National Audubon Christmas Bird Count Is More Than Just A Day In The Woods Counting Birds
Mill Point, WV – During December and early January, birders across the country will head out into the woods to count bird species and individual birds during the annual National Audubon Christmas Bird Count. Rich Bailey, West Virginia state ornithologist and coordinator for the Elkins and Pocahontas County bird counts says the data collected over the years helps experts determine whether a particular species is increasing or in decline and why. He says a classic example of this is a bird called a Loggerhead Shrike.
“This bird 50 to 75 years ago was a pretty common bird in West Virginia; it’s a shrub land bird, a grassland bird,” he says. “Back in that time the way people farmed was different. Now it’s much more of an industrial large scale affair and Shrike habitat has whittled down and whittled down just because of the change in land use by people to the point now where we have just a few spots in the state where there are pairs of Loggerhead Shrikes that are nesting and having babies.”
Bailey says the Shrike like some other species, are very particular about their habitat. He says if a nesting pair is found in a given area, it can be an indication of a good mosaic of good quality habitat.
“What really is kind of a bellwether are the trends that they’re seeing,” he says. “If they’re noticing for example during wintertime that certain species are declining year after year, that’s a bellwether; but it’s a bellwether for the type of habitat that that specific bird uses.”
Bailey says they’re seeing some of the biggest trends in the birds not typically counted during the Christmas bird count.
“We monitor a lot of what we call neo-tropical migrants,” he says. “These are the birds that come here for the summer to nest, but then they fly south for the winter. For the most part, our winter resident birds are actually pretty stable. They tend to have the ability to adapt pretty well; whereas a bird that migrates, migration in of itself is an inherently dangerous activity.”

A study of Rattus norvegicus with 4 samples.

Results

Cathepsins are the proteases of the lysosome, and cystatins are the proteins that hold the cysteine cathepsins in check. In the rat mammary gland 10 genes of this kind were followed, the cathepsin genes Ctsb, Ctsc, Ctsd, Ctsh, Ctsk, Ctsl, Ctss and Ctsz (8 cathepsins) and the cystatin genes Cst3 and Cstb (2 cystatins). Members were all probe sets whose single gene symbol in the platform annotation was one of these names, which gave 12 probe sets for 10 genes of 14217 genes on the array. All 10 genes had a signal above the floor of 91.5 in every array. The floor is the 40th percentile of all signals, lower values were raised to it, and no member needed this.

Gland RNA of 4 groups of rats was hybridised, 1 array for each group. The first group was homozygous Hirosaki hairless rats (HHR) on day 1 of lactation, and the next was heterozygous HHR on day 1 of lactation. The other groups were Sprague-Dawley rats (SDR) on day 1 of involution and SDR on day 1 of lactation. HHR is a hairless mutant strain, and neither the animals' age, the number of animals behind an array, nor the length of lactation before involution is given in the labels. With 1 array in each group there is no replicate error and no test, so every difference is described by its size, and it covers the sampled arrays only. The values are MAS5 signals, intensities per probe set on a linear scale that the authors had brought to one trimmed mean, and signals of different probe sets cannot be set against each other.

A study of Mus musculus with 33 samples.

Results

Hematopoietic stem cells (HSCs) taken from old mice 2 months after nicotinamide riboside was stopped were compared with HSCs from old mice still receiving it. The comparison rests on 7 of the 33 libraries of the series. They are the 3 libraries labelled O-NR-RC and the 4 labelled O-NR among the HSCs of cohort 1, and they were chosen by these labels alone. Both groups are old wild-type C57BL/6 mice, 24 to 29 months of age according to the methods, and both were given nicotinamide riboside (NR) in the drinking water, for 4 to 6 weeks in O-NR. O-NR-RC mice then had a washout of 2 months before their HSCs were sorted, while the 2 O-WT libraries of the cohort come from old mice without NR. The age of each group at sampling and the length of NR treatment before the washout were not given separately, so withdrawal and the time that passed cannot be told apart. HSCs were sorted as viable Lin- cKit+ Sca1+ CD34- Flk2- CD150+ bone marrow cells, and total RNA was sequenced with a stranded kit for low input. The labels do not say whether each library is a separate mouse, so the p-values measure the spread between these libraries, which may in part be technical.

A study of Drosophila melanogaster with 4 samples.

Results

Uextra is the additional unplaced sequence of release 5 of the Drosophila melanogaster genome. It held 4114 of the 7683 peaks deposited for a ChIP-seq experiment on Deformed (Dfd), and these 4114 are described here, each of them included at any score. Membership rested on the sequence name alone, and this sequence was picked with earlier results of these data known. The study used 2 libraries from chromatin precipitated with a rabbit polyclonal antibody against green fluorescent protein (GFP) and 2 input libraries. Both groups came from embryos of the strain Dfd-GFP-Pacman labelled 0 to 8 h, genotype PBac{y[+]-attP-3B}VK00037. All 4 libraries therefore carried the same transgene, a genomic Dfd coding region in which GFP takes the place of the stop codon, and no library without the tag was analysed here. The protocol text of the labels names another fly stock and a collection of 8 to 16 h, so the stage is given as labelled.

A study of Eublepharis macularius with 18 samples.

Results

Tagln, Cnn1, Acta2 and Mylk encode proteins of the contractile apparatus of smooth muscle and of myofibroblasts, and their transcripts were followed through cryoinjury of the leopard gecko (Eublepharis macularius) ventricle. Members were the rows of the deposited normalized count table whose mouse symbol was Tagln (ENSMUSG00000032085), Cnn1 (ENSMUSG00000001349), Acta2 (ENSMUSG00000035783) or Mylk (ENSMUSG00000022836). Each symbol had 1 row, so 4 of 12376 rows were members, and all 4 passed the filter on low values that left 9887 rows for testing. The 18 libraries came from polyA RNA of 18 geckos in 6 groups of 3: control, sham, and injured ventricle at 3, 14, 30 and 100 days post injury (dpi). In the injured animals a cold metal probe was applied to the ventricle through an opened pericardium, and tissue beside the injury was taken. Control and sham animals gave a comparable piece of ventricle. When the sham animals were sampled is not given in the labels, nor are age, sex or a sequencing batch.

He says the Scarlett Tanager, a beautiful bird found in West Virginia in the summer, is a good example of the perils of migration.
“When a baby Scarlett Tanager hatches out her in the summertime in June, that bird is going to fly south for the winter,” he says, “and then it’s going come back and try to breed the next year. On any given bird that hatches, it stands only a 25%, on average, survival chance of making it back to breed the following year, migration is that dangerous. It means that the birds basically have to crank out more than the replacement for themselves.”
Bailey says that equates to several successful nestlings in one nest or nesting multiple times. But he says the result of human encroachment has reduced both the quantity and quality of habitat. And there is also competition from other invasive species such as the Brown Headed Cowbird that lays its eggs in other birds’ nests.
“Scarlett Tanagers are maybe producing less Scarlett Tanagers and actually producing some Cowbirds instead,” says Bailey. “The Cowbirds come because of habitat fragmentation; forest patches are smaller, they’re all divided up into chunks now instead of large contiguous patches of woods. The overall effect is that there’s just fewer birds producing fewer babies.”
He says some of the birds they track are declining over 10% in population each year. He says some birds such as the Rusty Blackbird are actually causing a lot of concern because their population is dropping so fast. However, he says some birds like the Indigo Bunting are actually doing much better because of changes to habitat due to human activity. That bird likes to nest on the edge of the forest surrounding a large pasture, exactly the kind of habitat that is being created more and more by humans.
While the Christmas Bird Count is the largest, it’s not the only data collected during the year.
“DNR [Division of Natural Resources] sponsors what we call the winter bird count, and that’s folks counting birds at their bird feeders in their back yard,” says Bailey, “and that’s going on right now as well. There’s the Great Backyard Bird Count and that happens in February.”
To find out more about the Christmas and other bird counts, visit the National Audubon Society at www.audubon.org.